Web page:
Is doomsday treating you well? Now that the much hyped end of the Mayan Calendar, Dec. 21, 2012, is here, it appears that things are the same as they were on Dec. 20, 2012, and the days before then.
As of Friday morning, the world has failed to implode on itself, but experts say there's a convenient and logical reason for that---the Maya never predicted a 2012 apocalypse to begin with, according to a Fox News report.
Apparently, doomsday theorists have been prepping for a fiery comet hitting the earth, ice storms destroying our power grids and other heinous catastrophes in vain.
Anthological archeologist Sonja Schwake says there was never evidence that the Maya culture predicted the end of the world on 12/21/12 . In fact, there are Mayan texts that refer to time periods beyond 2012.
She believes the doomsday hysteria grew out of misconstruing the Mayan's "Long Count" calendar that runs out on the 21 st.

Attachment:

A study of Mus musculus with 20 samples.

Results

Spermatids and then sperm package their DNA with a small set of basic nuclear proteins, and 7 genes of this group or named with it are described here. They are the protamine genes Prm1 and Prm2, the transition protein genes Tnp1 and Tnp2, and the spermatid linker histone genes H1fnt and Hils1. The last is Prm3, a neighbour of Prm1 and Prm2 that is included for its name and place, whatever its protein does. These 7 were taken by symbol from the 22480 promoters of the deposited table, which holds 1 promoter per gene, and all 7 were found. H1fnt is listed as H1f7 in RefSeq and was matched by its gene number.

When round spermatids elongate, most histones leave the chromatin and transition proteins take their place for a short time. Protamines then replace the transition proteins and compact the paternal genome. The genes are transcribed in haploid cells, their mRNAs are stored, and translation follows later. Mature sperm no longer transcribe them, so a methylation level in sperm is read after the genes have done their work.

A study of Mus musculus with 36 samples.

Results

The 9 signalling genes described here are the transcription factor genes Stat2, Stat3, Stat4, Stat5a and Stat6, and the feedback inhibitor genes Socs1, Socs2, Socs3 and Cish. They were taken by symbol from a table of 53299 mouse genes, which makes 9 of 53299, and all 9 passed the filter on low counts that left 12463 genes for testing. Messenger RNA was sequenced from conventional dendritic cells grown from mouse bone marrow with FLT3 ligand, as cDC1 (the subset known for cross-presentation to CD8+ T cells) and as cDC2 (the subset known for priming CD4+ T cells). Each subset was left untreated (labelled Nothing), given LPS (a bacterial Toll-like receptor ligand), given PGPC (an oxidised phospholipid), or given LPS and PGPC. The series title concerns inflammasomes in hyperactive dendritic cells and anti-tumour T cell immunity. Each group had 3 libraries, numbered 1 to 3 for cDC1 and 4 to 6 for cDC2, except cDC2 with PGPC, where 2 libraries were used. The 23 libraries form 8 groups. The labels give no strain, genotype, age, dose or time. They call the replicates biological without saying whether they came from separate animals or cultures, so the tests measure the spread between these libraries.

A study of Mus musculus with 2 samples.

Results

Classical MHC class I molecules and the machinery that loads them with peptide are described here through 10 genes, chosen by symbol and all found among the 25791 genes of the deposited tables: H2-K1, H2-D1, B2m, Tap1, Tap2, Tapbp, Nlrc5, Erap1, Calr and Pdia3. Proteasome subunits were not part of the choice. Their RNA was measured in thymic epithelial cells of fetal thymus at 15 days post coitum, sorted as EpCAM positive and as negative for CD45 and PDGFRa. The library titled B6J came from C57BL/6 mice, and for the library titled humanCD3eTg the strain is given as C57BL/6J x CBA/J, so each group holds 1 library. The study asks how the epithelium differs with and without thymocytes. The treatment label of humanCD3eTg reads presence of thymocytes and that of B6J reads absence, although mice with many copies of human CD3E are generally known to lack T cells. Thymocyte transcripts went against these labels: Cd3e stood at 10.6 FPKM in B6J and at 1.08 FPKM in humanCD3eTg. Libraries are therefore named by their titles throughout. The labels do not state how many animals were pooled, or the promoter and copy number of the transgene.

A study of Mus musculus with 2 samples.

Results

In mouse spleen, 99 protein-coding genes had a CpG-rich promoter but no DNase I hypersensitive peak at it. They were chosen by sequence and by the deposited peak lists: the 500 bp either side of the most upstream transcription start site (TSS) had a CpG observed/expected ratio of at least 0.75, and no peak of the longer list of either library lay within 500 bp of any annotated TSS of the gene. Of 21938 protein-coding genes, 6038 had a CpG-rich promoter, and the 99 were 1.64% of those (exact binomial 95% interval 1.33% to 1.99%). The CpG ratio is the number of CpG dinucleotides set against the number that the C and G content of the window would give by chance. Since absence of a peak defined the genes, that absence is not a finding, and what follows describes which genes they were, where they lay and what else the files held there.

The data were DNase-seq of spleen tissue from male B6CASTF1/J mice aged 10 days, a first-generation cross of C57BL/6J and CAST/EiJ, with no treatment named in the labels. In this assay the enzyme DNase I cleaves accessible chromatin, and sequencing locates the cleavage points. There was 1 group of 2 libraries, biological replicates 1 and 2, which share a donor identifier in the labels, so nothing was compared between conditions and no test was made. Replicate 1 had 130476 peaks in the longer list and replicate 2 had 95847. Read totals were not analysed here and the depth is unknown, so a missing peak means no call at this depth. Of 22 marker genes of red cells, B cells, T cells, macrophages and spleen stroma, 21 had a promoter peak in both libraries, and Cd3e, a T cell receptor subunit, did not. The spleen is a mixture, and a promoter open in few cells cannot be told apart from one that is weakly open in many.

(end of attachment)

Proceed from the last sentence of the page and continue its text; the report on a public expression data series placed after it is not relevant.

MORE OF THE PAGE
While doomsday preppers spread frightening rhetoric of Planet X crashing through the solar system, zombies rising and earth's poles shifting, many Mayans interpret today as the end of one cycle and the beginning of another.
NASA was flooded with hundreds of calls over the last few days, and has created a separate webpage, www.nasa.gov/2012 , to help quell the misinformation floating around.
""They are afraid. They are scared…They believe what they read on the Internet. Even though most respectable news organizations are saying it's not going to happen, they don't want to believe it," NASA spokesman J.D. Harrington told the Houston Chronicle.
On Dec. 20, NASA also released a video dated Dec. 22 titled, "Why the World Didn't End Yesterday."
After all, the 800,000 Mayans living in Mexico still seem to be doing the same thing the rest of us are: living their lives.